When it comes to your paycheck, state laws govern how often your company has to pay you. Obviously this means that from state to state, the rules are going to be different. Some states have specific laws that others won't follow. But, in general, companies are supposed to give their employees weekly, biweekly, semiweekly, or monthly paychecks.
There are times when an employee makes a startling discovery about his or her company. They learn that the company has been using illegal tactics or have been skirting the law in some way to defraud partners, employees, customers, or other groups of people. It can be difficult in some cases for outside regulatory agencies to know the full picture without having some help -- and this is where that employee comes in, ready to blow the whistle on their employer.
Imagine that you walk into your office one day and your manager is waiting at your desk. He or she tells you to come to their office to discuss an important matter. It is there that you learn you are being laid off or terminated, and as a result you will no longer be working for the company. Of course, you have put in plenty of hours since your last paycheck, and after the shock of the day wears off, you start to wonder: what about those hours I worked? When will I get my next paycheck?
For today's wage and hour story, we leave the area of Fort Lauderdale, Florida for the considerably colder confines of Buffalo, New York, where a restaurant in the Lake Erie city has been accused by six former employees of a number of violations that infringed upon their rights and violated a law created in 1999.
In an interesting development to a Jimmy John's wage and hour lawsuit, the U.S. Court of Appeals for the Seventh Circuit overturned a lower court's decision to block a number of lawsuits going forward against Jimmy John's for inaccurately classifying a number of assistant store managers incorrectly, leading to them being exempt from state and federal wage and hour laws.
As we have talked about numerous times on this blog, every employee has rights. Even if they are an "at-will" employee, the individual has rights that protect them from predatory, discriminatory, or otherwise illegal activity on the part of the employer. Along these lines, today we want to talk about the Fair Labor Standards Act, an important law that governs how employees need to be treated.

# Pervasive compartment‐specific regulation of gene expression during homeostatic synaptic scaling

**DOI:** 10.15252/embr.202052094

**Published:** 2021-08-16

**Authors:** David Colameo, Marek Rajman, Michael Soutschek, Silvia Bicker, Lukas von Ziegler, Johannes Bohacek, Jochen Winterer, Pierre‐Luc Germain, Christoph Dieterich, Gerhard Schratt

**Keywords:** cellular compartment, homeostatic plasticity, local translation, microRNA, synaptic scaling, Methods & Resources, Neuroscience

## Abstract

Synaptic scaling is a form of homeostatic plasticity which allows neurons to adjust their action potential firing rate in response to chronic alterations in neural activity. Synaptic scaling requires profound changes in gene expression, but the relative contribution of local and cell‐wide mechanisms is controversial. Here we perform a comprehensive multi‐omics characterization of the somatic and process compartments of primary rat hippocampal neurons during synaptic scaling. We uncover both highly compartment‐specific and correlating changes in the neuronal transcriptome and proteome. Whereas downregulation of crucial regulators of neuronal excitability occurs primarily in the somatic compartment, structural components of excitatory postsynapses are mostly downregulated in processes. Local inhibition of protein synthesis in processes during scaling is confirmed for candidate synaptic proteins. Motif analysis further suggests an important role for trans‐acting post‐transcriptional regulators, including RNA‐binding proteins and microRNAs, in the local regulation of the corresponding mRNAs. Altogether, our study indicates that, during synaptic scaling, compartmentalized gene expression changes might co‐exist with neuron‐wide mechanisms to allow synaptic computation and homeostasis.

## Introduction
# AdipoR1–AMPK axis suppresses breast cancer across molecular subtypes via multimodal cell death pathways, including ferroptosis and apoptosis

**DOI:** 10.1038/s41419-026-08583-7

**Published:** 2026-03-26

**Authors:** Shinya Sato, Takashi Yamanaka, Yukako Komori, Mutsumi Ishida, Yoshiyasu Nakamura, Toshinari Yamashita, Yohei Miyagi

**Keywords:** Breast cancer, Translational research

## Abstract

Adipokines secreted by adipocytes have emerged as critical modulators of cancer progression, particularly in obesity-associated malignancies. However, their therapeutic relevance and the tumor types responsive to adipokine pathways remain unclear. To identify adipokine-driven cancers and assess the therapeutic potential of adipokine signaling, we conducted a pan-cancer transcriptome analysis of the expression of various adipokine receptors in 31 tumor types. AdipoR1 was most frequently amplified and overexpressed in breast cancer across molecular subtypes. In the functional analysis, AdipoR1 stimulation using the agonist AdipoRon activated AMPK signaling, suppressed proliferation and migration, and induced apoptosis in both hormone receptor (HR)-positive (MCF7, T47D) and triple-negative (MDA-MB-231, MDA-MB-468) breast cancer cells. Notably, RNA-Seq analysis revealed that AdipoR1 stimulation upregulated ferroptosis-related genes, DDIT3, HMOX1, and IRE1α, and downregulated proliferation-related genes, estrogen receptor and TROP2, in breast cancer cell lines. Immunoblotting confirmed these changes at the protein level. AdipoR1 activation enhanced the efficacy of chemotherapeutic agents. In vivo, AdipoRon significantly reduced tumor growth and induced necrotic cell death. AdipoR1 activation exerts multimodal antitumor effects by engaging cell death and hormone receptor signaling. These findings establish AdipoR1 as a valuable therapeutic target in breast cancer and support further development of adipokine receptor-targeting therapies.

Amazon is facing another lawsuit that alleges wage and hour violations after a worker claimed that his employers at the Sacramento shipping center scheduled workers for 10 hour shifts without paying them overtime and without offering a third break for rest. According to the lawsuit, Amazon is responsible for lost wages and compensation given that they don't offer their workers just compensation for the time they were working.
Workers at a resort in California have filed a lawsuit against their employers on the grounds that they are violating labor and pay laws. Two current employees at the Terranea Resort have sued their employers because they are forced to arrive to work early in order to park their car at a remote parking lot 30 minutes from the resort. A bus then picks them up and takes them to work, where they have to wait another 15 minutes to get their uniforms from a distributor.
In our last post, we talked about Harvey Weinstein and the despicable sexual harassment he levied onto women in the film industry. In the post before that, we talked about wrongful termination and how the Equal Employment Opportunity Commission is suing Whole Foods for a seemingly-illegal firing. And the post before that, we discussed a discriminatory pay policy at Google that has led to a class action lawsuit by numerous women.
In general, when it comes to your workplace, you should assume that you have less privacy rights than you would in your own home. This much should be obvious. But there are ways where this idea is trickier than others. So let's take a look at the rights you have as an employee when it comes to privacy.